Tesla 'Supercharger' station proposed for Santa Maria Town Center parking garage


The proposal calls for a five-year agreement with Tesla, which will install a self-branded charging station with 32 parking spaces outfitted with ports to charge electric cars inside the Town Center East parking garage, according to Brett Fulgoni, assistant director of the Santa Maria recreation and parks department. 

Additionally, Tesla has agreed to pay Santa Maria $20,000 each year with a 3% increase to rent the space in the garage after five years.

"It's not common that people pay rent [for charging stations]," Fulgoni said, adding that the charger could result in increased business sales and more tax revenues. "The hope is that when Teslas are charging, the drivers will patronize local merchants."

Several electric vehicle charging stations have been installed in various locations throughout Santa Maria, including the Betteravia Government Center, Lowe's and Marian Regional Medical Center, according to plugshare.com

Tesla has several charging stations of its own already installed in the county, including in Santa Barbara, Solvang and at Fess Parker Winery near Los Olivos. The one proposed for the Town Center parking garage will be the company's first in Santa Maria, if approved. 

Included in the charging station will be 20 "level-3" chargers, or "Superchargers," which provide a faster charge and are meant only for Tesla vehicles; and 12 "level-2" chargers, which provide electricity for any brand electric vehicle but provide a slower charge. 

Charging a Tesla vehicle at a Supercharger delivers a consistent, nearly 72-kilowatts stream of power that charges the vehicle in about an hour, even if another vehicle is charging in another stall, according to the company. 

The station would ultimately impact 38 spaces, with six of the spaces required for the station's transformers, according to the agreement. 

Tesla first approached Santa Maria in 2020, before the pandemic, originally offering only 24 self-branded charging ports and no rent, according to Fulgoni, who worked with the Palo Alto-based company over the course of the year to negotiate a deal. Using the charging station would come at no cost to the public.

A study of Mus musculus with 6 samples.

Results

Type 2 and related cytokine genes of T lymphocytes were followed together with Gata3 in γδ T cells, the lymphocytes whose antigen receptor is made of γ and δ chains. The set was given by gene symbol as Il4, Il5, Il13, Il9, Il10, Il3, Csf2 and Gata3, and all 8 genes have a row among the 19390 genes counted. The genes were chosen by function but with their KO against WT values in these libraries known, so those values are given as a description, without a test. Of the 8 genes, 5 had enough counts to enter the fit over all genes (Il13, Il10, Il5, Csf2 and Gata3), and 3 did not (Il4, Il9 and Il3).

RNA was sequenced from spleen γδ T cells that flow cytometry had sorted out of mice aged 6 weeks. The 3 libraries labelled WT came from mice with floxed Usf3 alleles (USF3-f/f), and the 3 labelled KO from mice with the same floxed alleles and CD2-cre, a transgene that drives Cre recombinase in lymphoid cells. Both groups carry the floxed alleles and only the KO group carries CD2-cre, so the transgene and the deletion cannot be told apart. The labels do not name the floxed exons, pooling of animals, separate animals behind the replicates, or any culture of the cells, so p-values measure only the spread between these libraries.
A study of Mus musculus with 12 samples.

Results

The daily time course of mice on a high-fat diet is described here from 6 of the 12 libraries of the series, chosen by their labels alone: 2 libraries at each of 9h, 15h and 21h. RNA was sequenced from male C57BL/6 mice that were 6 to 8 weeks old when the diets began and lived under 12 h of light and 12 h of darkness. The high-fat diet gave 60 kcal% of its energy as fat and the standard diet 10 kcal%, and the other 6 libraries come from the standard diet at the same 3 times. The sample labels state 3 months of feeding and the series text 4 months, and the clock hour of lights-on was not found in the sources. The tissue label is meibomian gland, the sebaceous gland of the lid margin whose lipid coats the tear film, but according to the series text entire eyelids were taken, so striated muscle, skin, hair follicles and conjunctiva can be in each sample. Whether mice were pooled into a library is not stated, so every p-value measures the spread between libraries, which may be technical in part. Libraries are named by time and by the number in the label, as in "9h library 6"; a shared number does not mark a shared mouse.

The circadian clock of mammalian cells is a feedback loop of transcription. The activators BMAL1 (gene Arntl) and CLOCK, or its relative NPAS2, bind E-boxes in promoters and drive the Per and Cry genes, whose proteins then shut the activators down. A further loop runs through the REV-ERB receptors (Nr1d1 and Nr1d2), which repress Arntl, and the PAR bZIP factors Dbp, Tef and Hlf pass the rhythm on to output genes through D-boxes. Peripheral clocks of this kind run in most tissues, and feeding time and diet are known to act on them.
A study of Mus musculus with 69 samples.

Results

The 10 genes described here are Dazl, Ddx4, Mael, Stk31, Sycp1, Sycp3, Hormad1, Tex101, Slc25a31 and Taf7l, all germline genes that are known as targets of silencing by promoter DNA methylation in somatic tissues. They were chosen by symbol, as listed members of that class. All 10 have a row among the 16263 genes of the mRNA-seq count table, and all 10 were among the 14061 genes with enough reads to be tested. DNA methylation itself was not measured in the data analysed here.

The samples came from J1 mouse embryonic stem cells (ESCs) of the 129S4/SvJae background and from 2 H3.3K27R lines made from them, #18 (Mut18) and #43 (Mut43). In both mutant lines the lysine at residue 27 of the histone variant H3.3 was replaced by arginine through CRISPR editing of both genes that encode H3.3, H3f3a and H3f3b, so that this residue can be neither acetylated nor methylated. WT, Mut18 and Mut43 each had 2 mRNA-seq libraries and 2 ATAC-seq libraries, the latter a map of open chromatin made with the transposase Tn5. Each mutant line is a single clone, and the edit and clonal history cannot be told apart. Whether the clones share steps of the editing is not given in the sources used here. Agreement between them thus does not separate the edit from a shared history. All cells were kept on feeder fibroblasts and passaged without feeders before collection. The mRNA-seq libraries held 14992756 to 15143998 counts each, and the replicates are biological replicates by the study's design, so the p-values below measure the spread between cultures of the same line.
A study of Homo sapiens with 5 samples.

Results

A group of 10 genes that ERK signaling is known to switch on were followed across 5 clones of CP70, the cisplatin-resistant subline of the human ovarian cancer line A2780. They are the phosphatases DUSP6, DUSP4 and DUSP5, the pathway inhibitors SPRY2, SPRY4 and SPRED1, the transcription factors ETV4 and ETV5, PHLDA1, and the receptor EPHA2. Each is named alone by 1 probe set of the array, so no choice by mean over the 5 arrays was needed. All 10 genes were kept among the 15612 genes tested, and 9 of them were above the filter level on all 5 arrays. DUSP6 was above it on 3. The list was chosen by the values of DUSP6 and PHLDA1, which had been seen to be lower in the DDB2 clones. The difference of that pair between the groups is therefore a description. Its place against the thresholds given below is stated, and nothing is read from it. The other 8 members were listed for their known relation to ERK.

"We wanted to make sure there was a clear public benefit to having these chargers and that there was a clear benefit to the tenants of the facility as well," Fulgoni said, adding that if approved, construction could begin as soon as June. 

The agreement calls for Tesla to foot the bill for the station's construction, which will include the garage being outfitted with electrical charging equipment, and repaving and restriping portions of asphalt. 

In addition, the agreement includes options to renew the contract two times at five years each, for a total of 15 years. Tesla makes the first renewal on its own after five years and Santa Maria must approve the second renewal, which comes after 10 years, according to the agreement. 

If the city doesn't approve the contract, then the city has two options: leave the parking garage as it is or install an equivalent charging station, which could cost in the hundreds of thousands of dollars, according to Fulgoni, adding that he hasn't researched specific costs. 

"The availability and ubiquity of charging infrastructure may also assist in the marketability of electric vehicles in [Santa Maria]," according to the report, which states that staff considers the agreement to have a positive impact on the community. "There is also a potential benefit to those local and national chain businesses located in Town Center East," the staff report reads.